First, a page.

Lobsterman Brandon Demmons tosses a lobster back into the water in Monhegan Island, Maine. The state's lobstermen have had a long tradition of returning breeding females to the sea after clipping a V-notch into their tails. The conservation measure became mandatory more than a decade ago. (Robert F. Bukaty/AP)
Lobsterman Brandon Demmons tosses a lobster back into the water in Monhegan Island, Maine. (Robert F. Bukaty/AP)
This article is more than 5 years old.

Scientists who study the warming of the ocean say in a new study that conservation practices have allowed northern New England's lobster industry to thrive in the face of environmental changes.

The lobster fishery is the backbone of Maine's economy, and business has been booming in recent years. Southern New England fishermen's lobster catch, meanwhile, has plummeted. Ocean temperatures have risen in both areas, to levels that scientists have said is favorable for lobsters off northern New England and Canada but inhospitable for them in southern New England.

Scientists led by researchers at the Gulf of Maine Research Institute in Portland say differences in conservation practices have contributed to record hauls off Maine and population collapse just a few hundred miles south. Their findings were published on Monday in the Proceedings of the National Academy of Sciences.

A key difference is that Maine lobstermen worked together decades ago to create a strategy to protect older, larger lobsters and egg-carrying females, said Andy Pershing, a scientist with Gulf of Maine Research Institute and one of the study authors.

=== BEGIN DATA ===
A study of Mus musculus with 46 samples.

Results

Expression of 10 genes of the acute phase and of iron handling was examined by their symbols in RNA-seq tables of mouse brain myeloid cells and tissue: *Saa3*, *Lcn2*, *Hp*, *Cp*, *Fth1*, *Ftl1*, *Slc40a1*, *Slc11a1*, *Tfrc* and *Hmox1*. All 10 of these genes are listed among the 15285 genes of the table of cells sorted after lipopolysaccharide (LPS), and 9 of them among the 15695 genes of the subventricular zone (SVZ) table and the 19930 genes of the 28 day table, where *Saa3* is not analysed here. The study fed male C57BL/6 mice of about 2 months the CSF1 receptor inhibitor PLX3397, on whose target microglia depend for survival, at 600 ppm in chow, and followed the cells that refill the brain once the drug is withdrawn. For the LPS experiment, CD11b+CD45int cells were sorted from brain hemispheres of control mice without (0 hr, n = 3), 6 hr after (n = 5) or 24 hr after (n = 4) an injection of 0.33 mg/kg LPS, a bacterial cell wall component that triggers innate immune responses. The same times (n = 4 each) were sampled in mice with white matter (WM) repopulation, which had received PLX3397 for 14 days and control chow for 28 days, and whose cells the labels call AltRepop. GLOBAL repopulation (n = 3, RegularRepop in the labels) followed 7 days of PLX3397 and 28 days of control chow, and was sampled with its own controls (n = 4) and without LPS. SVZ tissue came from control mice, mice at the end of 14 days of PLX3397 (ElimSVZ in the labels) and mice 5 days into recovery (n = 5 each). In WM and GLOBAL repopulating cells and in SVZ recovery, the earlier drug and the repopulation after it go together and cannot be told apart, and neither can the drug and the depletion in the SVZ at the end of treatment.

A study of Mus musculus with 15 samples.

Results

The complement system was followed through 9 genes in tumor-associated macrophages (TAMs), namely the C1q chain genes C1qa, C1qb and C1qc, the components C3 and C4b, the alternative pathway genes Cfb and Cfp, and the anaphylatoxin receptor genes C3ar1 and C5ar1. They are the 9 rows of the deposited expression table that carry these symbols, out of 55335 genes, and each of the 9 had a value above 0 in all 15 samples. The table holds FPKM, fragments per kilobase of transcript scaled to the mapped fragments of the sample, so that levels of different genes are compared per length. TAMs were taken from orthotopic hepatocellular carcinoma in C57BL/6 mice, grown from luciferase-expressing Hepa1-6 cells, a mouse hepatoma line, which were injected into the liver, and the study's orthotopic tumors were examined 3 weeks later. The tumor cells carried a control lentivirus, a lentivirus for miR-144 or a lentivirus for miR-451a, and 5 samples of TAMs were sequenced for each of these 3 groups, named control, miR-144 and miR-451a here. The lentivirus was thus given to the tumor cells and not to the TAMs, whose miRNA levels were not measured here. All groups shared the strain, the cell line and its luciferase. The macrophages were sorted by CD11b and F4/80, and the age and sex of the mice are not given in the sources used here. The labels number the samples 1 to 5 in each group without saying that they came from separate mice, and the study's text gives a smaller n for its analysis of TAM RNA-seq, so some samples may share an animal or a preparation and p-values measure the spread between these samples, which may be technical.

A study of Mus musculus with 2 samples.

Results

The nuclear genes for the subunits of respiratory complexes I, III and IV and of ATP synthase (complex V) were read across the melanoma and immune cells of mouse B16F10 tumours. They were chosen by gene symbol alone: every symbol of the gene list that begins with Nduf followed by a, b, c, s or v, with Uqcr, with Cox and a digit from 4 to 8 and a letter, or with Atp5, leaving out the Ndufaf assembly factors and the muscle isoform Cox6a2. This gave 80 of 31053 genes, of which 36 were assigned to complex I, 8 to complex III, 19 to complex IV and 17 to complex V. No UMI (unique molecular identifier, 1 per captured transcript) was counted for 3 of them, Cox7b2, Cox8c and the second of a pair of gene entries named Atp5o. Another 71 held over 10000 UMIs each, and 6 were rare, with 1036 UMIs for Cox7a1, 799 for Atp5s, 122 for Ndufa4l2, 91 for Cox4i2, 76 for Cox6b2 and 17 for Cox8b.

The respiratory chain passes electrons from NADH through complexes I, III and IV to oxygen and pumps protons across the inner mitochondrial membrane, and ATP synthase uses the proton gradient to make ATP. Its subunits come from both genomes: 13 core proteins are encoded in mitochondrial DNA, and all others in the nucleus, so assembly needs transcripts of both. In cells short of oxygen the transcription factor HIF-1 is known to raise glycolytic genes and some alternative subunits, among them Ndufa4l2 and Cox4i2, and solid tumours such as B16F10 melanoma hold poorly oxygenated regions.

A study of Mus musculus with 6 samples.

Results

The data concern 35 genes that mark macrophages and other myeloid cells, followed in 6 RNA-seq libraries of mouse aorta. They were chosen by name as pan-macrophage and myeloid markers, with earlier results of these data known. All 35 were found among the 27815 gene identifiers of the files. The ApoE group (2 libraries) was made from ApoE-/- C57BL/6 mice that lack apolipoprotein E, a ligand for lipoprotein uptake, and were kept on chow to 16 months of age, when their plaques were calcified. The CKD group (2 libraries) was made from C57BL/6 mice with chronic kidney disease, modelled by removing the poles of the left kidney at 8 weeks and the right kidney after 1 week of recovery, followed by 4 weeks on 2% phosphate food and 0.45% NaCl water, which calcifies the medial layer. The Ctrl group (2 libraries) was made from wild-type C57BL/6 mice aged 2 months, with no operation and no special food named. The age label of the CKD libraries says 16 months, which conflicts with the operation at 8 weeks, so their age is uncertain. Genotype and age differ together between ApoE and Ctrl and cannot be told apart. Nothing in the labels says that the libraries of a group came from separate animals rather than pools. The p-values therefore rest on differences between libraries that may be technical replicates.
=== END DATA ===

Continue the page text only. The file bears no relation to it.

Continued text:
A lobsterman displays the tail flipper of a V-notched female lobster while fishing off Monhegan Island, Maine. (Robert F. Bukaty/AP)
A lobsterman displays the tail flipper of a V-notched female lobster while fishing off Monhegan Island, Maine. (Robert F. Bukaty/AP)

Maine lobstermen return big lobsters to the sea, and mark a "v notch" on the tail of an egg-carrying lobster before throwing it back. The notching technique, used in Maine for about a century, provides a sign to other fishermen to leave the fertile lobsters alone. Fishermen in other states use the notch, too, but some got on board only recently; Connecticut established its program in the mid-2000s.

"Our study shows that these protections helped Maine's fishery take advantage of the optimal temperature conditions that occurred in the early 2000s and that these protections will be essential for maintain the fishery as oceans warm," Pershing said.

Maine lobstermen often catch more than 80 percent of America's lobster haul. They set a record of more than 130 million pounds of the crustaceans in 2016. The product is also especially valuable right now, as Maine's lobster fishery was worth a record of more than $530 million at the docks in 2016.

The growth in catch has coincided with a bump in interest in processed lobster products, such as lobster ravioli and lobster roll sandwiches. Live lobster has also been abundant for consumers. Prices have been steady despite the huge inventory, thanks in part to new demand from Asian countries.

But on the formerly strong lobster fishing grounds of Rhode Island, Connecticut, Massachusetts and New York, the situation is grim. The lobster catch in New England south of Cape Cod fell from a peak of about 22 million in 1997 to about 3.3 million pounds in 2013.

The study's authors used computer models to simulate ecosystems where lobsters live under different conditions. That allowed the scientists to understand the "relative impacts of warming waters, conservation efforts and other variables," Gulf of Maine Research Institute said in a statement.

The model is useful because it projects a decline in the lobster fishery as temperatures warm, said Malin Pinsky, a marine scientist with Rutgers University who was not involved in the study.

The study also shows that while lobsters are highly sensitive to warming oceans, there are also human interventions that can help protect the population, Pinky said.

V-notching has been very successful in Maine, and "starting a similar conservation program earlier in southern New England would have helped insulate them from the hot water they've experienced over the last couple decades," Pinsky said.